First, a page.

During the Cold War there were many aspects to the air defense of Canada and the United States. Most of the public did not know of these sites or duties, but they were a 24/7 operation and a vital part of the air defense network. Nike Missile Systems were the last line of defense and were placed around strategic targets or large cities, which had strategic value. The Nike Historical Society would like to recognize our "brothers-in-arms" , both American and Canadian, who were part of the air defense network.
The Distant Early Warning Line was a chain of Air Force radar installation stretching across the Artic Circle. Most of these sites were very remote, yet they played a vital role in detecting any flights of Soviet aircraft. The DEW Line was the first line of defense for air breathing aircraft destined to attack the United States or Canada.
The Mid-Canada Line was a second line of radar installations which ran across the middle of Canada. They too supplied the United States and Canada with information on attacking Soviet Aircraft.
The Pine Tree Line was a line of radar installations that ran in Canada from the Pacific Coast to its Atlantic Coast then headed Northward through Nova Scotia ending at Frobisher Bay.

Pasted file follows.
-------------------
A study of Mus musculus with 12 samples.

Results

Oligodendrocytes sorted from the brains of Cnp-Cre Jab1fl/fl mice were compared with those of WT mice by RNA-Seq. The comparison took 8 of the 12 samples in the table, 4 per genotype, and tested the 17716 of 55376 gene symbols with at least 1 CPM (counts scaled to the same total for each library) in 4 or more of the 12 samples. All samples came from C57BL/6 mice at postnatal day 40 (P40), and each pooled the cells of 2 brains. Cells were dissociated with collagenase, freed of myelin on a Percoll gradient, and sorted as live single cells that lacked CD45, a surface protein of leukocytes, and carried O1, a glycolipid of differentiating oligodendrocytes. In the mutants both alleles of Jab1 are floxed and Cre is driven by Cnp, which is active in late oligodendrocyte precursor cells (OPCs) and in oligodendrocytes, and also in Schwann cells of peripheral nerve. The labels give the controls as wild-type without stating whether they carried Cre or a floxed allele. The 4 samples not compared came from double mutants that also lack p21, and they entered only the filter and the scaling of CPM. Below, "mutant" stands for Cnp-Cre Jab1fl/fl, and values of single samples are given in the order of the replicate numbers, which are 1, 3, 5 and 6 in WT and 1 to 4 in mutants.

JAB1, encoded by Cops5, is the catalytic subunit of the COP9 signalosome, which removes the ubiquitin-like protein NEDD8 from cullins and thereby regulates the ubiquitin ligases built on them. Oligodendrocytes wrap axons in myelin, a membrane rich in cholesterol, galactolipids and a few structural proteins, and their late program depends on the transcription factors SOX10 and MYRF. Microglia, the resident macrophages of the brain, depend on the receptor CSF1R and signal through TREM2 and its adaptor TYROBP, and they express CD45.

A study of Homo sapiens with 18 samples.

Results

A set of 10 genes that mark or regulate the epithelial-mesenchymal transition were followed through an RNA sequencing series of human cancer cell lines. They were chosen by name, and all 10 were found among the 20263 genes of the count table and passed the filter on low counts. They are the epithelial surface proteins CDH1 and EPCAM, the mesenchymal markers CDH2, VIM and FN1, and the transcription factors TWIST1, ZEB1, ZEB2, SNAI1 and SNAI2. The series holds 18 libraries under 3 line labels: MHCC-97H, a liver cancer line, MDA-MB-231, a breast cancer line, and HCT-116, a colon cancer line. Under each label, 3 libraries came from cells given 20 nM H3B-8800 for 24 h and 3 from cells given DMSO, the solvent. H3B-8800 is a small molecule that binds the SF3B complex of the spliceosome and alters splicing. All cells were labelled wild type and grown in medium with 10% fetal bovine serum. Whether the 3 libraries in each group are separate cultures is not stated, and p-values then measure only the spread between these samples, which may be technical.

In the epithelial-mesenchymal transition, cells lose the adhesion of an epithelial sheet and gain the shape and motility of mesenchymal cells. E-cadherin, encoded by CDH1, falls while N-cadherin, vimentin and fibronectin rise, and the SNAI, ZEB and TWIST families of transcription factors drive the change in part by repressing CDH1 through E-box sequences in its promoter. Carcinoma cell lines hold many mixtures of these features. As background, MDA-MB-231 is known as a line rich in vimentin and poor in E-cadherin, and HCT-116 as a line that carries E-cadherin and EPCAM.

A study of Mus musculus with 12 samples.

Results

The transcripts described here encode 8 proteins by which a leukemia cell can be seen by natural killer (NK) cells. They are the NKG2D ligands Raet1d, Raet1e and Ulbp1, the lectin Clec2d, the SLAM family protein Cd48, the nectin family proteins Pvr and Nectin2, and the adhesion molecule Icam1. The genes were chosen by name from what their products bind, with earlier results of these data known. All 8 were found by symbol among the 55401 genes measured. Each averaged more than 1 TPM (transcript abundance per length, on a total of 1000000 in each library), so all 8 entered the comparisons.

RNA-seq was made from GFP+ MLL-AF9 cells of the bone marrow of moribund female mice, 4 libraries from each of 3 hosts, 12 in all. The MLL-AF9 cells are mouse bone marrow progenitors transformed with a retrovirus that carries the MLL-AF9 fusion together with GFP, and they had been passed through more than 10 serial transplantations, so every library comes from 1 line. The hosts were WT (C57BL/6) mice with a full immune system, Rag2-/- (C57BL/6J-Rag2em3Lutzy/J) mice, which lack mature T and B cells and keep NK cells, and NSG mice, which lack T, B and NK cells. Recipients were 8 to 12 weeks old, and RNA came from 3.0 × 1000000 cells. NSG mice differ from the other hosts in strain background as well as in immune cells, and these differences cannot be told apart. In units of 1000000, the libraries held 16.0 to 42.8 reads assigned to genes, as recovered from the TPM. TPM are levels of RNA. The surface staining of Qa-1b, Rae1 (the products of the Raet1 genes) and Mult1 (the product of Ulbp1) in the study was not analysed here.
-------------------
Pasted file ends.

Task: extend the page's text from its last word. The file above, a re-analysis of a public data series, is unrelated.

These were a series of three radar platforms, located of the Eastern coast of the United States. They looked similar to modern day oil drilling platforms, but contained long range surveillance radars. The Air Force personnel, who manned these towers, scanned the skies for Soviet aircraft attempting to attack the United States over water.
Navy Picket Ships patrolled the waters off of our East and West coasts. They were radar platforms, which scanned the skies for any approaching Soviet aircraft.
Willy Victors were Navy patrol aircraft which flew off of the West and East coast of the United States. These aircraft were also radar platforms which searched the skies for any attacking aircraft.
The Air Force had patrol aircraft that flew specific mission as radar pickets as well as intelligence gathering platforms. Just like the Willy Victors, these aircraft were in the sky 24/7 around the world.
Semi-Automatic Ground Environment (SAGE) was a complex of Air Force radar sites, located within the United States. Not only were these radar surveillance sits, but their powerful computers could calculate and predict and enemy's course of action during an actual attack.
Air Force Bomarc Missiles were long-range air defense missiles. They were used primarily as a second line of defense, with fighters being the first line. They were guided to the proximity of the target by radar ground installation, then their own "built-in" detection systems would guide them to the target.
Joint U.S. Army and Air Force air defense installations which housed an Army AADCAP and Air Force SAGE site.